Insight from our team of leading criminal lawyers: Paying cash over $10,000 likely to become unlawful in 2020
Are you used to paying cash? The Federal Government has recently announced that it is proposing to introduce laws related to paying cash. This legislation would make it illegal for a person to either pay or receive more than $10,000 in cash. This applies in relation to goods or services to or from a business with an ABN. And that’s even if the goods or services are entirely legal.
It means that anyone caught transacting with over $10,000 could face a two-year jail sentence. Or a fine of up to $25,200.
Who would the laws on paying cash apply to?
The laws would apply to all payments made to businesses with an ABN for goods or services. Therefore, it would affect major purchases like cars, boats, housing and building renovations. The Government has said the measure would not apply to individual-to-individual transactions. That means to private sales where the seller does not have an ABN, or cash payments to financial institutions.
The laws, if passed, would take force on January 1, 2020, and for other entities on January 1, 2021.
There would be no changes to how individuals could withdraw or deposit cash. Or how they chose to use their cash when the other party was another consumer. For example, if you choose to sell a personal asset to a private individual, such as a car for $15,000, you will still be able to do so in cash. However, if you were buying a car from a car dealer, you would not be able to pay $10,000 or more of the balance in cash.
Why is the law on paying cash being introduced?
Presently it’s not illegal for a business to receive over $10,000 cash from an individual. That is provided they report it to AUSTRAC (a government organisation that monitors large financial transactions).
The Government argues that the laws are necessary for a number of reasons:
- Combating tax evasion. Presently, the Government believes that businesses that transact in cash are able to under-declare their earnings or sales. Therefore, they are able to avoid paying tax.
- Combating money laundering. The Government argues that entities that have access to tainted money, such as criminal gangs, are able to launder the proceeds of their illegal activity through legitimate businesses by paying in large amounts of cash.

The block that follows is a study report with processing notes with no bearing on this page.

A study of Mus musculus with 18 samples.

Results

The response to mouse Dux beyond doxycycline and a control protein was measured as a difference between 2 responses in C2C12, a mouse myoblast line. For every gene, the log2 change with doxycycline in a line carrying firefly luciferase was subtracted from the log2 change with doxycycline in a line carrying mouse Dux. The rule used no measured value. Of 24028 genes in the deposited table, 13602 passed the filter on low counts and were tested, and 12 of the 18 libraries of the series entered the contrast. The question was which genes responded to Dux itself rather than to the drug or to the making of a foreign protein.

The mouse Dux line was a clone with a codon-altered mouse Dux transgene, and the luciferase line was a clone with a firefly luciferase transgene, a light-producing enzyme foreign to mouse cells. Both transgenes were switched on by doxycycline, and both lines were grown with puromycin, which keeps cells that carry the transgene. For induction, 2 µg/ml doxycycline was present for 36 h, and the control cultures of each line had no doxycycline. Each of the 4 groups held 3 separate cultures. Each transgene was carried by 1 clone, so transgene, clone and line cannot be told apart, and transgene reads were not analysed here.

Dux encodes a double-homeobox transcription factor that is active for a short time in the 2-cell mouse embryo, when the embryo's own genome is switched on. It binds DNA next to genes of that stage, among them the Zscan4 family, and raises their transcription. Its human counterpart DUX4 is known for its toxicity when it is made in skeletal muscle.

- Creating a fairer system. The Government argues that businesses that deal in cash are gaining an unfair advantage over businesses that do not. This is because they are not going to be paying tax.
How will the laws be enforced?
The Government acknowledges that it would be difficult to monitor and enforce these laws on paying cash. However, they propose a number of ways to do so:
- One of the proposals is that businesses will be required to report customers that are wanting to pay with over $10,000 cash.
- The establishment of a ‘suspicious behaviour’ hotline, which allows individuals to report businesses that they suspect may be accepting payments of over $10,000 cash.
- A dedicated task force with the power to perform ‘spot checks’ on businesses suspected of accepting payments of over $10,000 cash.
Arguments against the new laws
There are several arguments in opposition to the new laws on paying cash. Firstly is that they interfere with Australians’ civil liberties and are “anti-competitive”. This is because many people use cash as an alternative to commercial banks. They argue that the recent banking royal commission had found banks had a bad record in servicing customers’ interests. People are entitled to be suspicious of dealing with banks.
It has also been argued that limiting the cash amount would be ineffective and unenforceable at battling organised crime. This is because criminals could simply find a way to get around the rules. Using smaller transactions or illegal bank accounts established with stolen identities are simple ways to defeat the laws.
Impact on the Vietnamese community
New laws on paying (and receiving) cash could have a significant impact on the Vietnamese community. This is because many Vietnamese people and businesses prefer to transact in cash. Despite this being for a number of valid and legitimate reasons, they could soon find themselves having to adapt quite significantly. Or face the consequences.
The issue of cryptocurrencies
I think that another effect of introducing these laws is that more and more people will turn to ‘cryptocurrencies’ such as Bitcoin. For those not familiar with ‘cryptocurrencies’, it is a type of digital currency that operates entirely outside of the banking system. With this system, payments can be made entirely anonymously.
Cryptocurrency is already popular across the world and is being used more and more on-the-daily. It is foreseeable that the introduction of such laws will result in further growth of this alternative currency. Ironically, this will make it even harder to detect large transactions than cash.
If the laws are introduced I will report back to my readers.
Need help interpreting the law, understanding your rights or need more direct assistance? Contact us today to inquire in regard to legal counsel and representation. Cridland & Hua – Your Brisbane Criminal Defence Lawyers.